Materials coming Spring 2019
but first, this to ponder, not plagiarize ——
Ethics represent respect and support of the following principles :
These are essentially the distillation of the concept that “actions should do the least amount of harm and the most amount of good.”
The following is taken from Department of Philosophy Prof. Theodore Gracyk’s page at Minnesota State University - link here
What does this mean for seeds? Biodiversity is an abstract concept; it’s a word used to describe something. So is seed. Actually, it can be both a noun and a verb. A seed--whether that of a troublesome weed or wholesome sustenance—is oftentimes culturally relative. We once ate chufa, and sold it as a seed crop. It’s now considered one of the most invasive weeds, also known as nutsedge, notoriously hard to get rid of because of that same seed that was once thought to be delicious.
It is easy to distill these complicated concepts and ideas into something very black and white. Open pollinated=good, hybrid=bad. The issue has as many thorny tentacles as those who function within the seed system, such as people who grow seed and develop varieties, farmers who then rely on that seed to feed people or alternately, people who depend on it to feed themselves.
We are losing varieties at an alarming and accelerated rate; we are sounding the sirens at the same time as many are just watching the building burn down. There are fewer gardens, and even fewer gardeners who save their seed; fewer commercial varieties farmers have to choose from and even fewer farmers who grow for seed.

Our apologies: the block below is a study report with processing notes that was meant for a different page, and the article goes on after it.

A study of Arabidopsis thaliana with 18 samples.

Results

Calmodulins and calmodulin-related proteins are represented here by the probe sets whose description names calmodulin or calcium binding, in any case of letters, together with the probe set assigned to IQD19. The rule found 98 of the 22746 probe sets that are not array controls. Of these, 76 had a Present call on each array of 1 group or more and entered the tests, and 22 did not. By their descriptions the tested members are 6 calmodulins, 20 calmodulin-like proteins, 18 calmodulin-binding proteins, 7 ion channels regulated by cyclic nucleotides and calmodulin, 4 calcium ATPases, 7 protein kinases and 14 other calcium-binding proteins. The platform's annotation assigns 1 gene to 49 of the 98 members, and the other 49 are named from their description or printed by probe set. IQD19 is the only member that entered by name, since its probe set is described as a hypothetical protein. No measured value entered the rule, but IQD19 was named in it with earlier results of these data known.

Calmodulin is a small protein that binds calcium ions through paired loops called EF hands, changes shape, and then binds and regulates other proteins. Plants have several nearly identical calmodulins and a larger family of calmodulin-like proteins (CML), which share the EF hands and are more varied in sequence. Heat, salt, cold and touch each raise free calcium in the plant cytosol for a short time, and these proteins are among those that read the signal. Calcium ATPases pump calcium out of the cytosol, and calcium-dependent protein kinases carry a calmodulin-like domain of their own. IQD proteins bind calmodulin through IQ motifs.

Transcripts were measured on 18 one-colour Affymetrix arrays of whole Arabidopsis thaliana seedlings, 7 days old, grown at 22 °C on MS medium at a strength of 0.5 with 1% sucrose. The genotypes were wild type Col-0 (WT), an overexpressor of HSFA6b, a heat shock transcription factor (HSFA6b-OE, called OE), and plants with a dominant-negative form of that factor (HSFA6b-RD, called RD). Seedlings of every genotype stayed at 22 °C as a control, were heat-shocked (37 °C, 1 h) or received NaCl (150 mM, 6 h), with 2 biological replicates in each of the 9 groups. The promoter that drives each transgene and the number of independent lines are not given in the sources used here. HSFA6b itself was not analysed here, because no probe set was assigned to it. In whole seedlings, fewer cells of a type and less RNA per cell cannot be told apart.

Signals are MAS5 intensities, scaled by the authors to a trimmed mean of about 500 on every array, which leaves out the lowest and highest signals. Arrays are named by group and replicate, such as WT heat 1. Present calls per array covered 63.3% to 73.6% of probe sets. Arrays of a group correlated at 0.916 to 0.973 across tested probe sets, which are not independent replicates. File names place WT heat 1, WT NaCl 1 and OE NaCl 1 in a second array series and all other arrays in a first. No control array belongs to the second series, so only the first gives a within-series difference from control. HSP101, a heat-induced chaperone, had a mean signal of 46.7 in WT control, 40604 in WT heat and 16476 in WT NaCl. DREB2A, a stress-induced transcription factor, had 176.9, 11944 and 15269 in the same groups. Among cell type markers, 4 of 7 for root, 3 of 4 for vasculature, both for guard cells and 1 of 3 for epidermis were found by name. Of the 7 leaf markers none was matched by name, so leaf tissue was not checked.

Seeds are endangered, but so are the people who work with them. Biodiversity is a great concept but sadly, we all think someone else is doing it. If something so precious as seeds and the diversity encoded within them are not financially compensated, does that make them worthless?
How do we value everyone working within a broken system? How do we value that work and what does compensation look like?
How are small local seed savers who have gardens and work on an anonymous level given a voice and a place in the wider discussion of saving seeds for everyone?
What does it mean when you work with a university which expressly states that any work you do becomes their intellectual property? What does it mean for seeds? Do they own those seeds? Do they need to attribute the work to the author (i.e., breeder)?
Is the re-naming of varieties for the sake of commerce OK? What about in order to drive sales? Can a farmer or another seed saver take varieties that have an MTA (material transfer agreement), largely based on trust, begin to save the seeds and tinker with the selection and breeding because “no one will know”? How many varieties are re-named by accident or on purpose?
Where do the seeds you buy come from? The seed company? A local farm? A large corporation? From overseas where things can be produced cheaply? Are worded descriptions that the general public doesn’t understand fair? (Hell no!)
How do we compensate OP breeders who never get paid a royalty or paid at all for beloved varieties everyone knows and loves?
How do we keep the seed commons open for those varieties that are meant to be shared freely? Are all seeds meant to be shared freely? Is commercializing (or even saving) of indigenous varieties acceptable if they are sacred?
How do we keep a conversation going with respect to best practices for seeds within an entire community? Are seeds about an individual or about the individual within a wider collective? Metaphorically, how do we keep folks driving “in their own lane”, while embracing the fact that there are occasionally freeway accidents? How do we keep the food system honest if honest conversations don’t happen?
Where do non-profits get their money and what does that money go to?
These are just the beginning of very complex difficult questions surrounding the ethics of seeds that need to be discussed and unpacked over a long, long space of time.